Page 6: Escape!


Fiction House

In the 1920s pulps were hot sellers at the newsstands. Printed on cheap, wood pulp paper with ragged, untrimmed edges pulps sold for ten cents an issue. By contrast, glossy magazines with better production values sold for twenty-five cents an issue.

Fiction House was founded in 1927 by J.W. Glenister and John B. “Jack” Kelly to take advantage of the strong pulp magazine market. Their first title was Action Stories but their line quickly expanded to include Detective Classics, Football Stories, Fight Stories, and Air Stories, the first aviation themed pulp magazine.

In 1938, Jerry Iger and Will Eisner approached Fiction House hoping to find a new client for their comic book packaging firm. Fiction House agreed to a test run and Iger and Eisner delivered the material needed to put out Jumbo Comics #1.

At first, Jumbo Comics didn't sell well and had Fiction House been any other publisher the title would have folded. However, with the might of their pulp empire to back them, Fiction House was determined to become a leader in the comic book field. Jumbo Comics was originally printed as an oversized book with a black and white interior but by issue nine they switched to full color illustrations in order to compete with other companies. With issue ten, Jumbo Comics became a standard sized comic books. More importantly, Sheena, Queen of the Jungle, became the obvious star character of the book. The original white jungle goddess, Sheena would become Fiction House's biggest star.

In the 1940s Fiction House marketed their big six comics aggressively: Jungle Comics, Wings Comics, Ranger Comics, Fight Comics, and Planet Comics (the home of Futura). In addition, Fiction House was putting out character led comics like Sheena, Firehair, and Wambi, one of the few jungle heroes who wasn't a displaced white person.

Over the years, Fiction House had a very diverse group of freelancers working for them including Matt Baker, the first prominent African-American artist in comics, Nick Cardy, Bob Powell and female artists such as Ruth Atkinson and Marcia Snyder.

Fiction House relied heavily on good girl art to sell their pulps and their comics. However, they also created a number of strong female protagonists such as Sheena, Firehair, Mysta of the Moon and Futura. The skimpy outfits and sexualized poses of the characters attracted the attention of Fredric Wertham and Fiction House was specifically targeted in his book, Seduction of the Innocent.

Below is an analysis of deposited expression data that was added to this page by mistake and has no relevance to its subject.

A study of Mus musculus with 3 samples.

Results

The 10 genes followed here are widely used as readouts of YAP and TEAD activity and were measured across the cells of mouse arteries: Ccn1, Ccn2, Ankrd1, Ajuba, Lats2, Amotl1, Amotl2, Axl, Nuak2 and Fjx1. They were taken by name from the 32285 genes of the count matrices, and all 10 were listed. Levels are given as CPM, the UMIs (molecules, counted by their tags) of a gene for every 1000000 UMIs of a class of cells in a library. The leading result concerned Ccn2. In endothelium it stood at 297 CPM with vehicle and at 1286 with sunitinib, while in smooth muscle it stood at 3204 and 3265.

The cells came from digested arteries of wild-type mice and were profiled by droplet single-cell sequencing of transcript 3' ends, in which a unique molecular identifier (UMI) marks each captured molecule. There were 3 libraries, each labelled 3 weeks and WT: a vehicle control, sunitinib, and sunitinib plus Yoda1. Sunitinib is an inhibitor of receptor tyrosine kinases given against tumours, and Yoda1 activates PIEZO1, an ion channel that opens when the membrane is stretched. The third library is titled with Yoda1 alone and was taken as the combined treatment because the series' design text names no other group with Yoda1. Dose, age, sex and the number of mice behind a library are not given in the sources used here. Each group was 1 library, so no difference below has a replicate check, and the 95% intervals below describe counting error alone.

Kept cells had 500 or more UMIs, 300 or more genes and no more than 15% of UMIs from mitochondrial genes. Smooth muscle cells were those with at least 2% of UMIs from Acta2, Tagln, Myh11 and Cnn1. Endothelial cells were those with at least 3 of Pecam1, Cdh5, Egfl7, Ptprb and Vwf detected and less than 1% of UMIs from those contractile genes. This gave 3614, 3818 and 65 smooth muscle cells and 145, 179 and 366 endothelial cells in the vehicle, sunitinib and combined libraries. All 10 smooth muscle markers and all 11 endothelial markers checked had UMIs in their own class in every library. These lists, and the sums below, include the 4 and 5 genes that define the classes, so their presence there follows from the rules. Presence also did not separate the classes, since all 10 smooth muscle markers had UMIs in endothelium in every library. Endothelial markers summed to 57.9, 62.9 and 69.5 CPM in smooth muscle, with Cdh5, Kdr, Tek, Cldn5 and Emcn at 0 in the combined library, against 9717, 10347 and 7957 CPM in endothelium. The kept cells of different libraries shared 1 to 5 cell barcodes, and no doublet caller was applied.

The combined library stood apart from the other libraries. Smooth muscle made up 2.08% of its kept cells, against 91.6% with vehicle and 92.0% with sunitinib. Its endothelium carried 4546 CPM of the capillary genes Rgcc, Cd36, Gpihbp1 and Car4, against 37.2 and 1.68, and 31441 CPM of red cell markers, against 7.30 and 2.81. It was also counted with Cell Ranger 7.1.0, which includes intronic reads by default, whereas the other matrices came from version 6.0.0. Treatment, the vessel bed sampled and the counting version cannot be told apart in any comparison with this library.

By the mid-1950s pulp sales were all but non-existent and the public outcry over “indecency” in comic books was hurting the comic market as well. A company that relied on sex to sell books, such as Fiction House, could not survive. Their last title was Jungle Comics #163, sold in the summer of 1954.

Also by J Gray



Notes:

And, as we reach the last page of this first installment of Futura we finally get some action! Futura escapes! Which is, apparently, just what the aliens wanted...

I've had a request to continue running Futura so we'll be seeing her again about once every month until we've finished her complete run.

Friday, I'll be introducing you to Torchy Brown, the first African-American woman to headline her own comic strip. See you there!



Comments:



Jasae Bushae
Sheena originated from the golden age? Wow, well thats certainly one heroine who isn't in the public domain

Submitted April 16, 2014 at 8:53AM



J Gray
 







Submitted April 16, 2014 at 9:49AM



Peaches
Futura's chances are pretty dang good. You go girl!  Warning  Kick Butt!

I'm sending in my postcard to let them know. Think it will arrive before the next issue?

Submitted April 16, 2014 at 3:24PM



J Gray
 







Submitted April 17, 2014 at 10:55AM



Jasae Bushae
Really? O.O
No, I was actually thinking of a tv series from a decade ago about a jungle girl who had shapeshifting powers. Certainly possible that they made a show about a character in the public domain though.

Submitted April 17, 2014 at 8:43AM



J Gray
 








However, I don't believe anyone owns Sheena outright. Her old comics are certainly in the public domain. Of course, so are the original Superman cartoons.

Submitted April 17, 2014 at 10:59AM




Original content is copyright 2014 by J Gray.